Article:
UPDATE: Ooltewah business pulls swastika branded knife from shelves after criticism

This image from an anonymous viewer alerted NewsChannel 9 to controversial merchandise being sold at a local business. 


UPDATE (Friday):

After we spoke with Rabbi Craig Lewis about the swastika knives Thursday, he talked with the manager of Frost Cutlery in Ooltewah, and says the knives have been removed from the store.

Rabbi Lewis made the following statement on Facebook:

"I spoke with the manager at Frost Cutlery. The knives have been removed from the store. I thanked him and promised I would share that with our community. I thank Allison Levine and Channel 9 for bringing attention to the issue. Perhaps this will make other store owners aware of the potential impact of their decisions.
"The manager also expressed that he has received threats of violence against him and his family. That is unacceptable and must stop. He invited me to come talk to him which I plan to do. If you’re going to call now, let’s thank him for listening and doing the right thing by removing the merchandise. The goal here is bigger than just dealing with offensive knives. It’s about helping people to understand the larger impact and gain an ally in the process. He is open to the conversation and deserves the opportunity. He is also a parent whose children need emotional and physical safety. So please, let cool heads prevail and let’s move on always vigilant, thoughtful, and with our eyes on the bigger picture."

We spoke with an employee of the company who confirmed that the knife has been pulled from shelves.


An Ooltewah business faces criticism for a small section of swastika-decorated pocket knives in their showroom.

Frost Cutlery in Ooltewah sells the knives, which are a product of Tiger USA and are decorated with a swastika on the handle and an inscription on the blade.

An email from an out-of-town shopper, who wished to remain anonymous, containing a picture of the knives alerted NewsChannel 9 to the controversial merchandise.

Allison Levine went to the store to see the knives for herself.

After a quick scan of the store, Allison spotted the knives and subsequently purchased one for only $7.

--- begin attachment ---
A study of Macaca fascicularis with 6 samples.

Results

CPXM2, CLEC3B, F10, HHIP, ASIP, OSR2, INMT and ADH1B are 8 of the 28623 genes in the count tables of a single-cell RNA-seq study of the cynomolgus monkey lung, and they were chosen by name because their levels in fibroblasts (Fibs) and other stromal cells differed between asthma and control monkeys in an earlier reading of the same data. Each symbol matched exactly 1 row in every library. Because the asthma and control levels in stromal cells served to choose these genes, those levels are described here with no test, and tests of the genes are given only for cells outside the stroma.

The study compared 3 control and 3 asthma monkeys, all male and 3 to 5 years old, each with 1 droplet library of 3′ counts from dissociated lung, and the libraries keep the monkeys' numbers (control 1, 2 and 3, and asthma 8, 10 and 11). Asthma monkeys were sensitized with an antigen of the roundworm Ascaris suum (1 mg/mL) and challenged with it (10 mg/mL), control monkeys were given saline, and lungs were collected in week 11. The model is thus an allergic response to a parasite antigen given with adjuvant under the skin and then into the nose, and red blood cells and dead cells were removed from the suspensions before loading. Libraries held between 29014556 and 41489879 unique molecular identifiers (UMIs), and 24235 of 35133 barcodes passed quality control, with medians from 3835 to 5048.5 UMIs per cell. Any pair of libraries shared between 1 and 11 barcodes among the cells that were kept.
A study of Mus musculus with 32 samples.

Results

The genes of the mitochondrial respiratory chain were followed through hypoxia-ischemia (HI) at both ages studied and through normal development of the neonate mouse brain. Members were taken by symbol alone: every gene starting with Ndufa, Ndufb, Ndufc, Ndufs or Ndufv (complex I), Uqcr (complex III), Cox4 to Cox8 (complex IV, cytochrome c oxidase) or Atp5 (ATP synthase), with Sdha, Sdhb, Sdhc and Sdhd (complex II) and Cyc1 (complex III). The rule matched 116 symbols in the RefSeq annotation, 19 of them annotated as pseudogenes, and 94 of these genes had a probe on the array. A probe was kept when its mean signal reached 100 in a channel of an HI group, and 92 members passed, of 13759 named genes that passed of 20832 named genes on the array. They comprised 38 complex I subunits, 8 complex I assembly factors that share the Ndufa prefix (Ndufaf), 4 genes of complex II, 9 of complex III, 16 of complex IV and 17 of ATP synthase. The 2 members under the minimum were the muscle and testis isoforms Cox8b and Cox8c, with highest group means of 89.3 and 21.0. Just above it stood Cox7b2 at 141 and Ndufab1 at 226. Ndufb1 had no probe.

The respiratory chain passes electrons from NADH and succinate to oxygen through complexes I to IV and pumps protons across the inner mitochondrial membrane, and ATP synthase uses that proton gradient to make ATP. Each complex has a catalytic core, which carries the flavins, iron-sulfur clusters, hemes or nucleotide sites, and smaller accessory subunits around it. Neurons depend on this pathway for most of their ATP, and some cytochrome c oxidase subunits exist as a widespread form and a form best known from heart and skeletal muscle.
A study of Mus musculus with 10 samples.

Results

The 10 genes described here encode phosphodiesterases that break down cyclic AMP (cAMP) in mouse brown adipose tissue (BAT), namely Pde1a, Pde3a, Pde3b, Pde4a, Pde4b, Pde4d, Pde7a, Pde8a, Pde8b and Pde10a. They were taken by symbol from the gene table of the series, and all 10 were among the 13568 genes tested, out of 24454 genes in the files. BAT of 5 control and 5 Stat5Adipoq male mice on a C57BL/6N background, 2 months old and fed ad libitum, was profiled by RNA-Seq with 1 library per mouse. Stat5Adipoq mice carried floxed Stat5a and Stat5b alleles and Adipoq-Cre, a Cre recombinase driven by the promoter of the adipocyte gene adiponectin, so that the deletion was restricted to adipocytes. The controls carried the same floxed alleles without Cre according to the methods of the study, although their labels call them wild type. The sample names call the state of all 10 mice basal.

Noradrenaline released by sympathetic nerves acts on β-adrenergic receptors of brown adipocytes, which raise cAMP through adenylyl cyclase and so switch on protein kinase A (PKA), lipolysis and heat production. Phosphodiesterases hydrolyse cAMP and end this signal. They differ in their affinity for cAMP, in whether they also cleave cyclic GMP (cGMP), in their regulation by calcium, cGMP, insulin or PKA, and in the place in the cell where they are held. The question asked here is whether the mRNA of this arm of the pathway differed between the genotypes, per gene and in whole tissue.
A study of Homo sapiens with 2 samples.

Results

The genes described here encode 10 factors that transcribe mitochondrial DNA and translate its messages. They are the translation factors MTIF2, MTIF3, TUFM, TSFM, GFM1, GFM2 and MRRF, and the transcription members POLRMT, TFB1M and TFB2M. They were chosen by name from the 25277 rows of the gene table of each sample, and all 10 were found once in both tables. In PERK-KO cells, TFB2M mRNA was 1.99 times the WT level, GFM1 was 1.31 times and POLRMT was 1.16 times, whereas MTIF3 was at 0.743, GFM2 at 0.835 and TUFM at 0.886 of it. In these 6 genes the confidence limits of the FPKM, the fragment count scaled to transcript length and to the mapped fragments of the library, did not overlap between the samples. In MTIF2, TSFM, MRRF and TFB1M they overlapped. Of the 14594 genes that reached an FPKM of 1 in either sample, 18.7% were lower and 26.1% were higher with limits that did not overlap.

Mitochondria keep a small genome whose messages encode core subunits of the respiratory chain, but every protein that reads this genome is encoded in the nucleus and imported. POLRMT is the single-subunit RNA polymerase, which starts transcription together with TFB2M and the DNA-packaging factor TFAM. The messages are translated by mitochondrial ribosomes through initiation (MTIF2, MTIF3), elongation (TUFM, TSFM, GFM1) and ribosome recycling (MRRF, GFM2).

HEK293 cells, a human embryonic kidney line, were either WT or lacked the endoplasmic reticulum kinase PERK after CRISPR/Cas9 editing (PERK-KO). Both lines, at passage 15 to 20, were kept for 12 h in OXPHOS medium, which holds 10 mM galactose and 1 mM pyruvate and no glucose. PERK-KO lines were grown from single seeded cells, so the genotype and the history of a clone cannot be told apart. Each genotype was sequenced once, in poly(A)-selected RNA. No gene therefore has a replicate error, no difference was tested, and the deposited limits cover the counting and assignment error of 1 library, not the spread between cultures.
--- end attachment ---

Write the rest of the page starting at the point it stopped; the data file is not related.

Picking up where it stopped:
No one from Frost would answer why the store sells the knives on camera, but gave various explanations on the record in a back room of the store.

Manager Cameron Thomsen told NewsChannel 9 that before World War II, the swastika was a symbol of hope and peace in Asian cultures and argued the symbol was being misinterpreted by those who would associate it with the Nazi cause.

However, on the blade of the knife is a German inscription which translates to "Blood and Honor," a phrase closely associated with Hitler youth.

"What they're doing is peddling hate and, whether they mean to or not, it's an opportunity to make a better choice," Rabbi Craig Lewis told NewsChannel 9 as he fiddled with the red box containing the knife while standing in the sanctuary of the Mizvah Congregation.

Rabbi Lewis went on to say "the swastika symbolizes Hitler, and the third Reich, and their belief in genocide."

After saying the swastika was being misinterpreted, Thomsen told NewsChannel 9 the knife is a piece of historic memorabilia valued by collectors.

Rabbi Lewis responded, "If it truly has historical significance, let's put it in a museum."

Finally, Thomsen stated there was no difference between a knife with a swastika on the handle and a knife branded with a marijuana leaf, the NewsChannel 9 call letters of WTVC, or the 911 phrase "never forget."

"Do you think that's a fair comparison?" Allison Levine asked Rabbi Lewis Thursday afternoon.

"Not at all," the Rabbi responded.

The Rabbi described the feeling he and other members of the Jewish community feel when they enter an establishment flaunting a swastika as "pure dread."

"It is not just a symbol that is offensive. It is a symbol that's about murder. It's a symbol that's about the devaluing of other human beings," the Rabbi said.

Rabbi Lewis embraces a spirit of hope despite the knife.

"I think with everything, it's an opportunity to educate and I think, with everything, the more that you educate the more you can change minds," he said.

Thomsen told NewsChannel 9 that Frost would consider removing the merchandise from the shelves if there was enough public concern.